Japan is known for its sakura, ornamental cherry trees that cover the country in billowing clouds of pink and white blossoms. Their blooming is considered an annual event, not just a sign of the season. There are daily forecasts that track the developing buds and, once open, families, friends, and work colleagues participate in hanami, viewing parties to enjoy the spectacle; for a brief week or two, the entire nation goes sakura mad. The Starbucks Sakura Frappuccino aside, it’s no surprise that over the centuries this has developed into a riotous celebration of spring and a reminder of the fleeting nature of life.
While the UK does not celebrate its flowers with quite the same level of enthusiasm, symbolism, or commercial products, there are at least three woodland phenomena that are well worth seeing. The better known occur in May, with bluebell walks and the blooming of fragrant wild garlic. Right now, however, if you know where to look it’s possible to enjoy stunning carpets of late winter flowers. Hardy snowdrops and the more delicate winter aconites have already made an appearance in and around Wiltshire, and crocuses promise to be close behind.
It was the National Garden Scheme advertising their participating snowdrop gardens that originally caught my attention, especially since the opening weekend coincided with actual snowfall that kept MrElaineous and I close to home. However, once we thawed out, we ventured to our local National Trust property, the three-in-one combination of Lacock Abbey, Fox Talbot Museum, and historic village. A walk around the Abbey grounds is always a treat, but the emergence of snowdrops and yellow aconites turn the woodland into a wonderland. The village’s Stall on the Wall with its honesty box and delicious fudge were a bonus!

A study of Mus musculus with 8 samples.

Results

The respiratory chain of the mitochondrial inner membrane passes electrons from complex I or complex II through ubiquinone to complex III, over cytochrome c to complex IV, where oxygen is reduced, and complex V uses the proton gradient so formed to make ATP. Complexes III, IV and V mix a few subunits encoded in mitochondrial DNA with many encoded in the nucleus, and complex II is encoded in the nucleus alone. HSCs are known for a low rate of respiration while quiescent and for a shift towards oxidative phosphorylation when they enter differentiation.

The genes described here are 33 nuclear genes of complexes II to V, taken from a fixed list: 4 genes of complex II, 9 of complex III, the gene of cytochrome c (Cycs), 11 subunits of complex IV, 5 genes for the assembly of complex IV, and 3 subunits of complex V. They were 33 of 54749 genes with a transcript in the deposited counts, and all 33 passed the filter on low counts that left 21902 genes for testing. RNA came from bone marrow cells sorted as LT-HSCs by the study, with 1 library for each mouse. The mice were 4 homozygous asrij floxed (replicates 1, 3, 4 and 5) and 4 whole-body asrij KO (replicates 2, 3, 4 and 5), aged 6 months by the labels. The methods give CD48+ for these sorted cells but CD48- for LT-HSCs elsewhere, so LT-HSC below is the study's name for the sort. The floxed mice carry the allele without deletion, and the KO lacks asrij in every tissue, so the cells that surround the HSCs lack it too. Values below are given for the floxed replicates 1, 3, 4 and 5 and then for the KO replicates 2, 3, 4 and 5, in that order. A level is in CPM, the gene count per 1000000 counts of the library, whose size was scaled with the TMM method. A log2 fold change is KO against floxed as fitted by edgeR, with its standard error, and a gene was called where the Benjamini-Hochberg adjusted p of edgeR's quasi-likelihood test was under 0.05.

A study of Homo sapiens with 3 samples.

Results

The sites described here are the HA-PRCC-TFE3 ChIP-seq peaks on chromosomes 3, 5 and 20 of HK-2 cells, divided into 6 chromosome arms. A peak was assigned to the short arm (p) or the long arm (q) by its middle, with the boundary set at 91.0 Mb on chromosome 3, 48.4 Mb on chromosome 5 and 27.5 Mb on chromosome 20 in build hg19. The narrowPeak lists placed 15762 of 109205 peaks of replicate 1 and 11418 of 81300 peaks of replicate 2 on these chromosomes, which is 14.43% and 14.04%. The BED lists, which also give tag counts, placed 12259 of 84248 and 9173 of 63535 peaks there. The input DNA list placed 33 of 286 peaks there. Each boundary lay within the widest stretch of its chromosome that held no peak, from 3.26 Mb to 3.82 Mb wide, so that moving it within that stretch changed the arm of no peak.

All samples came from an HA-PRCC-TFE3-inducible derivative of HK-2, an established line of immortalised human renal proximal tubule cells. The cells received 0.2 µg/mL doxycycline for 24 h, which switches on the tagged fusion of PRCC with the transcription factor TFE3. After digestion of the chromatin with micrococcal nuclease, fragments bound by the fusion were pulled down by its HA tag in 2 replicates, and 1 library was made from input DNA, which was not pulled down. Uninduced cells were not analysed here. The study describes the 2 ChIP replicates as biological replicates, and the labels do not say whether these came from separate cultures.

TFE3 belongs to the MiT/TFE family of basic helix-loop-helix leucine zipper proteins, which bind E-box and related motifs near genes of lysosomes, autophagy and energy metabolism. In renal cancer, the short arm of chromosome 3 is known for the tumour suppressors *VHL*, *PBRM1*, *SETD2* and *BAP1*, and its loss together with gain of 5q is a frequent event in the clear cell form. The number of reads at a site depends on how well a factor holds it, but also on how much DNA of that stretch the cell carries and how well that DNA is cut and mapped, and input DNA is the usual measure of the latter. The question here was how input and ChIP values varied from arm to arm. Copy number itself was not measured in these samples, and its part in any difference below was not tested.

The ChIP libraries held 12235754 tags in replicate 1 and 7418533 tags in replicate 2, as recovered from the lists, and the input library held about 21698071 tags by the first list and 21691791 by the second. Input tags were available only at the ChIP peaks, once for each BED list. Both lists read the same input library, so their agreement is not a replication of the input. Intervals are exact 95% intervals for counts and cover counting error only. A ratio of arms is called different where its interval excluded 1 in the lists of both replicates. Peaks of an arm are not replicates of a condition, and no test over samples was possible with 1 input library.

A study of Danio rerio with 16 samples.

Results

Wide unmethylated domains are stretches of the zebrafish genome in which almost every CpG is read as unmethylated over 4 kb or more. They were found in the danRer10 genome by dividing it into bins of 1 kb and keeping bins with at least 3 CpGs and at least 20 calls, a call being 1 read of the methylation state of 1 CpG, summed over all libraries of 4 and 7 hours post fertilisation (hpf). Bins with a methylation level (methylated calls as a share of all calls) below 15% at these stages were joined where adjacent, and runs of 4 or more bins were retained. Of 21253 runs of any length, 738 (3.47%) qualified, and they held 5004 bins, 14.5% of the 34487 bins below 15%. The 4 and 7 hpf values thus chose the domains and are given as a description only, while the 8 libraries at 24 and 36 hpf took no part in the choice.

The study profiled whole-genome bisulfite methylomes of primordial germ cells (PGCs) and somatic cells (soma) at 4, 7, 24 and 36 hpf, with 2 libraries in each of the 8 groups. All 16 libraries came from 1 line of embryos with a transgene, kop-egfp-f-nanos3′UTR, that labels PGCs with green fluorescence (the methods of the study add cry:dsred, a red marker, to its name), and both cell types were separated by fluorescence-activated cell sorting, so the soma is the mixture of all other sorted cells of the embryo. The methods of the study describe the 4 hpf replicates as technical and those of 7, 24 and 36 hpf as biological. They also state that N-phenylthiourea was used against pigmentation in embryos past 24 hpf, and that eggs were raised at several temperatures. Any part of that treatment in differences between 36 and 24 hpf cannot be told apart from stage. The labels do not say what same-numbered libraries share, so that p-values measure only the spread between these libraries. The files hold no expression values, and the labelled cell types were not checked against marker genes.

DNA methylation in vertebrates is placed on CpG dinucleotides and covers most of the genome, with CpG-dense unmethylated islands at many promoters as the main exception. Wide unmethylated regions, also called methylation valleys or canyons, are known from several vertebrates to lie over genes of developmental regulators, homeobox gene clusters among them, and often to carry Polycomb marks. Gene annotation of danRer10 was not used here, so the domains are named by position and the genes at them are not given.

We may have been slightly early to see the snowdrops at their peak, but our timing was otherwise ideal as a local National Trust holiday cottage was open for visitors to have a look. This 15th century cottage along Lacock’s High Street has many of its original features (including very low ceilings and beams), and gives you an idea of what might be behind the façade of some of Lacock’s other historic buildings.
Our appetite for snowdrops whetted, we next set off for Welford Park. The estate is perhaps best known to television viewers as the filming location for The Great British Bake Off, but it is the beech woodland covered with snowdrops that really takes the biscuit. I thought it was incredible even under overcast skies, but once the sun came out the flowers absolutely glowed in the light. While it’s worth a visit to Welford for the snowdrops alone, the park also boasts lovely walking paths along the Lambourn River and the redbrick manor itself is a picture-perfect dollhouse. It has been owned by the same family for over 400 years, and their collection of wildlife sculptures made for an interesting safari while exploring the grounds.
Although not quite as fleeting as the Japanese sakura, the time for snowdrops is short—the month of February, more or less. But with the help of Lacock Abbey and Welford Park—and the other snowdrop gardens dotted around the UK—it is possible to experience a true seasonal spectacle. No Starbucks necessary.